Apparently three quarters of young people say low wages puts them off the idea of an apprenticeship.
The Greens have called for a minimum wage hike for workers aged under 18.
The party’s deputy leader in England and Wales, Amelia Womack, said at their conference during the first week of October that the rate should be raised from £4.20 an hour to the £5.90 level set for people aged 18-21.
Womack also called for a living wage boost for apprentices.
She told the Green Party conference: “If we want to build a working environment that is fair for everyone, we have to make things fair from your very first job onwards.
“A fair workplace has to be fair for apprentices as well. So today we are also pledging our official support for a living wage for apprentices. The current minimum wage for apprentices is £3.70 per hour.
“Three quarters of young people polled this year have said that low pay would put them off taking up an apprenticeship.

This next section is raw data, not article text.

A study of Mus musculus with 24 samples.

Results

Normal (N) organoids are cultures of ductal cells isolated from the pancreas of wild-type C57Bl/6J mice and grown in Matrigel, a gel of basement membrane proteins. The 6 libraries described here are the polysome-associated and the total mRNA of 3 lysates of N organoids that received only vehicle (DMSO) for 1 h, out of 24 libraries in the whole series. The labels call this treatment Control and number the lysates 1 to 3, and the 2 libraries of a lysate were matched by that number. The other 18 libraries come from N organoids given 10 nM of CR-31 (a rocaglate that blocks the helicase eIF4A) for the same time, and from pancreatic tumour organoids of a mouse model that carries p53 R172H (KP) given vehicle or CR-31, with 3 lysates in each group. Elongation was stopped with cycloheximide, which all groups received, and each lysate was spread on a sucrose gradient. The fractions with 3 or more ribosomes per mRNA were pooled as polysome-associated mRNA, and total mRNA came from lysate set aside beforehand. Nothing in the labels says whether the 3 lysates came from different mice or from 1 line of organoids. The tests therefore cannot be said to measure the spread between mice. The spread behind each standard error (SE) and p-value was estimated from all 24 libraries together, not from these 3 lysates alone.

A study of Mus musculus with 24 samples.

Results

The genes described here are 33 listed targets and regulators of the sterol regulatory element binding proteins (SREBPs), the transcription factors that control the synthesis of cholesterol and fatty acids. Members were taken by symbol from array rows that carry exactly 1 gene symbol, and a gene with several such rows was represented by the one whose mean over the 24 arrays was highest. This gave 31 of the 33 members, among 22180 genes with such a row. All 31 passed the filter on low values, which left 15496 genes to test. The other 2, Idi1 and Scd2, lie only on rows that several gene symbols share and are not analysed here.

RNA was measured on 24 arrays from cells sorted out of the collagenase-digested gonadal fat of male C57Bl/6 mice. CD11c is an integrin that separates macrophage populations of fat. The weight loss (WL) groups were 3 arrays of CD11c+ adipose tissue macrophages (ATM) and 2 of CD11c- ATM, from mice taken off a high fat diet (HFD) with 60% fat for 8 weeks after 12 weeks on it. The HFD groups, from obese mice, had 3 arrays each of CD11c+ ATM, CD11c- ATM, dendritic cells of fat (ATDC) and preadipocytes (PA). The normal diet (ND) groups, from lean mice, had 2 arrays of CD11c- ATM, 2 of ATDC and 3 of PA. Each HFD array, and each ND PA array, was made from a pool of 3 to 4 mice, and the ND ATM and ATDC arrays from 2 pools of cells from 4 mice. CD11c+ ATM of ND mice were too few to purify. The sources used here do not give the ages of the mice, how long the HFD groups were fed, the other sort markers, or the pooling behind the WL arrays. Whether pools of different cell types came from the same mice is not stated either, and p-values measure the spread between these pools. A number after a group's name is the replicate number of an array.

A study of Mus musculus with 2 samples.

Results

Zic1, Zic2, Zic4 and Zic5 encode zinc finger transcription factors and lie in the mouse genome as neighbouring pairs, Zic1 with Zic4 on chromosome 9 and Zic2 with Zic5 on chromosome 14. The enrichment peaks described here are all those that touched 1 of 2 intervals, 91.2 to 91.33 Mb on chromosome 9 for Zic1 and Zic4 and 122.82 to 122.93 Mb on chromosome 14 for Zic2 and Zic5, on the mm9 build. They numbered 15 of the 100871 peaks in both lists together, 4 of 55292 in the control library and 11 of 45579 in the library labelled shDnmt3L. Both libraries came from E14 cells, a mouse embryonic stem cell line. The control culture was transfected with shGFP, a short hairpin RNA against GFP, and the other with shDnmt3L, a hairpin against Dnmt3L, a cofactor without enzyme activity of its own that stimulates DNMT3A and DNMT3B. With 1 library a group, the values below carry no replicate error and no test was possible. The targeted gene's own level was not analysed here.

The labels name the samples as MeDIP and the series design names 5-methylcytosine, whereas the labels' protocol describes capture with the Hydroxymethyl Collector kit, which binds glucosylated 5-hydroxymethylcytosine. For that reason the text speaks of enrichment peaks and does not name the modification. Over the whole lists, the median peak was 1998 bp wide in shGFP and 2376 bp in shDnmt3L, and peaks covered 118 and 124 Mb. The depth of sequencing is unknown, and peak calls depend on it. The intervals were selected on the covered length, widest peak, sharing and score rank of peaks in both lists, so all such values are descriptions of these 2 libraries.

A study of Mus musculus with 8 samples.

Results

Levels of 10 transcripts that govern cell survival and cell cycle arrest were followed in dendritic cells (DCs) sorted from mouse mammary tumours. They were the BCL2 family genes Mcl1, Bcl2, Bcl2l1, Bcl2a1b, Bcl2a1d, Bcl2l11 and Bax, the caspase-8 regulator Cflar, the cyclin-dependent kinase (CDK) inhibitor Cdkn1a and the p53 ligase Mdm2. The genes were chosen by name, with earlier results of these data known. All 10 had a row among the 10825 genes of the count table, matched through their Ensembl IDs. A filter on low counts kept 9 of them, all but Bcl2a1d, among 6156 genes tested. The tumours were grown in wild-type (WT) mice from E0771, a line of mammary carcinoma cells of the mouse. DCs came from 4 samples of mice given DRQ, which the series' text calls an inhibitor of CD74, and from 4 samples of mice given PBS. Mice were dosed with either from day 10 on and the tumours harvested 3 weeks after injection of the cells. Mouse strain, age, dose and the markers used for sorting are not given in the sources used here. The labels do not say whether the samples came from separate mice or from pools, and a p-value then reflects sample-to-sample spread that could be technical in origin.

“The government’s aim of addressing skills issues through apprenticeships is welcome. However, the apprenticeship minimum wage £3.50 per hour is simply not sufficient to live."
“It is no wonder that we have a skills shortage in this country. It is time that the political class woke up to the value of investing in training and apprenticeships, to the hardships facing young people today and to the realities of pay inequality in Britain.”
Catherine McGuinness – Policy Chairman at the City of London Corporation – agreed with Womack, releasing a statement saying: “The government’s aim of addressing skills issues through apprenticeships is welcome. However, the apprenticeship minimum wage £3.50 per hour is simply not sufficient to live.
“Nearly half of apprentices are over 25 and low pay excludes older people with families and young people not living with their parents. And while larger firms often have the capacity to offer quality apprenticeship programmes, smaller firms can lack the resources, knowledge and expertise required.
“Our work with SMEs has revealed a real desire for smaller firms to work together to access training and share knowledge and employ apprentices, but often they cannot secure the training they require. The government should support these employers to collaborate and incentivise bigger firms to open-up their apprenticeship training to smaller firms.”